An estimated 600-plus turned out for the Aug. 31, 2017 vigil in downtown New Canaan to remember those lost to addiction. TM photo
More than 600 people gathered at the Pop Up Park downtown Thursday night to honor those who have died from accidental drug overdoses as well as those struggling with addiction.
Those attending the New Canaan Parent Support Group and New Canaan Community Foundation’s vigil on National Overdose Awareness Day heard emotional, heartfelt stories shared by four individuals—two from those in recovery from addiction and two from parents who had a child succumb to the disease.
“Evan was a true jokester,” Reinhardt told the crowd on a clear, cool night. “He was always out to have fun and amuse those around him to make them happy—always thinking about the other guy. He was my ‘Evan from Heaven’. Evan suffered in silence with anxiety disorder for a long time—a disease over 40 million Americans have. In high school he was exposed to both alcohol and pot, and those drugs provided him the relief he needed, on a short-term basis, from his anxiety. And by having anxiety and other diseases like it, you’re susceptible to becoming addicted … In April 2015, I’m sitting with my son in a 12-step meeting in New Haven, Conn. and I’m really proud of him. I am so because that night he graduated from all three phases of the program and received his one-year [sober] coin—365 days of recovery and sobriety. I was proud. My wife was proud. We were so happy for him. But within three months, all of it changed. Evan cut off, or frayed, all of his connections from the program. And he was back inside of his own head, suffering in silence. But even though that led to his passing, I’m not going to choose to remember him for that. I’m going to choose to remember that day when he was given his one-year coin. Because then his future was very bright and he had a lot going for him.”
One of the individuals who shared their story of recovery was Kera Townshend. Townshend, also a 2009 graduate of New Canaan High School, recalled moments as far back as when she was 15 years old when she would tell herself to stop drinking. Admittedly, her willpower alone was not enough as the next eight years consisted of several moments where she would utter the exact same message.
Today, Townshend celebrates 3.5 years of sobriety. And an event like this vigil makes her believe that more of those in recovery can emulate the path she has forged.
“I think it’s amazing that people now have the resources available to help them with their recovery journey,” Townshend told NewCanaanite.com. “And it’s so important that we’re acknowledging the struggle that addiction is and not hiding behind closed doors about it. By bringing light to all of this, shame cannot exist. Tonight’s so validating in the sense that we’re able to see everyone’s coming together in support. To have been able to meet the wonderful people we lost to this disease—each of whom had such a terrific impact on my life—and their families as well, this all means the world to me. I believe the future is bright for our town with regards to helping those in recovery.”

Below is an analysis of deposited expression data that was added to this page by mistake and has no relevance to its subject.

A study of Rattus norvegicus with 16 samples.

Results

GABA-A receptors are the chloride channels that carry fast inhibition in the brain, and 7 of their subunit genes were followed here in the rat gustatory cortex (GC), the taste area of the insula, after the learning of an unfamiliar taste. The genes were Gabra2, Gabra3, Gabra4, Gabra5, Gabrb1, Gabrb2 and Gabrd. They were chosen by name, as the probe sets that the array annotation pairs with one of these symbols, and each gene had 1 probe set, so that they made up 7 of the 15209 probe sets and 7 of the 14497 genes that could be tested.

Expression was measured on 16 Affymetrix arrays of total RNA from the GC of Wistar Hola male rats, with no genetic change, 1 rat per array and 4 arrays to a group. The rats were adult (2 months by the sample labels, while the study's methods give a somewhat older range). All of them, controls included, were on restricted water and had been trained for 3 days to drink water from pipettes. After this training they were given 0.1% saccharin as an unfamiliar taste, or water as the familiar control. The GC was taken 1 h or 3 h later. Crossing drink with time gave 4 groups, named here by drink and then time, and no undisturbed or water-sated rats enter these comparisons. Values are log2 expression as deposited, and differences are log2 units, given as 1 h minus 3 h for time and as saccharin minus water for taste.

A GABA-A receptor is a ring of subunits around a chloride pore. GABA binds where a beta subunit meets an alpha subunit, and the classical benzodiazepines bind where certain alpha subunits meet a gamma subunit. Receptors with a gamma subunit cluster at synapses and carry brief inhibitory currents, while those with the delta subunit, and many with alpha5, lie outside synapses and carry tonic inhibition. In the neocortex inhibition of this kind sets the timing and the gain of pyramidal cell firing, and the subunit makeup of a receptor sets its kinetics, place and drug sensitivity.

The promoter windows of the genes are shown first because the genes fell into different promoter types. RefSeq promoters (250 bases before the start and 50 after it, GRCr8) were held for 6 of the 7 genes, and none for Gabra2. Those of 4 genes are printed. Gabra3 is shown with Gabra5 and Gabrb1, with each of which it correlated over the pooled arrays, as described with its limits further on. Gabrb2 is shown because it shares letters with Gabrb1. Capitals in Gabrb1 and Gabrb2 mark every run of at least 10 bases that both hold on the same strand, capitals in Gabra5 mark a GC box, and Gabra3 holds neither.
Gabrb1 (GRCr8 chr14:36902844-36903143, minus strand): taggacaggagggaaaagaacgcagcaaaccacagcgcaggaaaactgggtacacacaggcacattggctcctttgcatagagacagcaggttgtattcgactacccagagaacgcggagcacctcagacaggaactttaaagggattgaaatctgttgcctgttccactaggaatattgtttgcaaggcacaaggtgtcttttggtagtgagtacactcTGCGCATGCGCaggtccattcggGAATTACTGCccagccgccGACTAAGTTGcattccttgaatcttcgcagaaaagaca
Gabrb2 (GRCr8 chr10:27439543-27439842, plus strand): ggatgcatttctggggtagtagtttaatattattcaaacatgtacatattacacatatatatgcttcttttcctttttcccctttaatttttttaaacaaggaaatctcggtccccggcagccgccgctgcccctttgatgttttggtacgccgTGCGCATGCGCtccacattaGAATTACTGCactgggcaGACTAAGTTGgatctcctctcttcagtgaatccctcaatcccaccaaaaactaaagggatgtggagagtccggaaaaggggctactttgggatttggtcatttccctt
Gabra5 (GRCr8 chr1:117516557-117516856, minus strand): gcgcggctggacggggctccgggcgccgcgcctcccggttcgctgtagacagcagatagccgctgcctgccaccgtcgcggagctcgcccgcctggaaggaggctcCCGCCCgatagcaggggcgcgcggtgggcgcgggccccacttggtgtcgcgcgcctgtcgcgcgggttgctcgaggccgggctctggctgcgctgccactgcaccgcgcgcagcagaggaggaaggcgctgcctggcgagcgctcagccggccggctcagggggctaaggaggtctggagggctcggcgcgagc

The event also featured a “Hope & Remembrance” banner that allowed attendees to share both photos of, and messages to, those who were in their hearts on this evening. And several tables of pamphlets and posters with information about addiction and paths to recovery were also made available for attendees to learn more about the dreadful disease.
The emcee for the evening was John Hamilton, chief clinical outreach officer and licensed alcohol drug abuse counselor for Mountainside Treatment Center in Wilton, who has 30 years of experience in the field of addiction and mental health issues. With that experience, Hamilton knows just how significant an event like this is.
“In the last five years, 165 out of 169 towns in Connecticut have lost a loved one due to opioid addiction. So tonight’s turnout gives hope. ot just to those who organized it but many more as well. Many people here tonight are those who are in recovery and they recognize how much effort it took them to ask for help and to see this amount of people come out for them and support them is wonderful. Tonight offers living examples of people who were able to get the help they deserve and how they also can help others do the same. What’s so powerful is the support group of those who have lost loved ones, who were the impetus of making a difference in others’ lives so they don’t lose loved ones as well. So [tonight’s] a tremendous opportunity to bring everyone together to see that together we can heal.”
The evening concluded with a candlelight vigil, led by clergy and leaders of 15 local faiths as those in attendance prayed in unison for both those they have lost and those who are in their recovery efforts.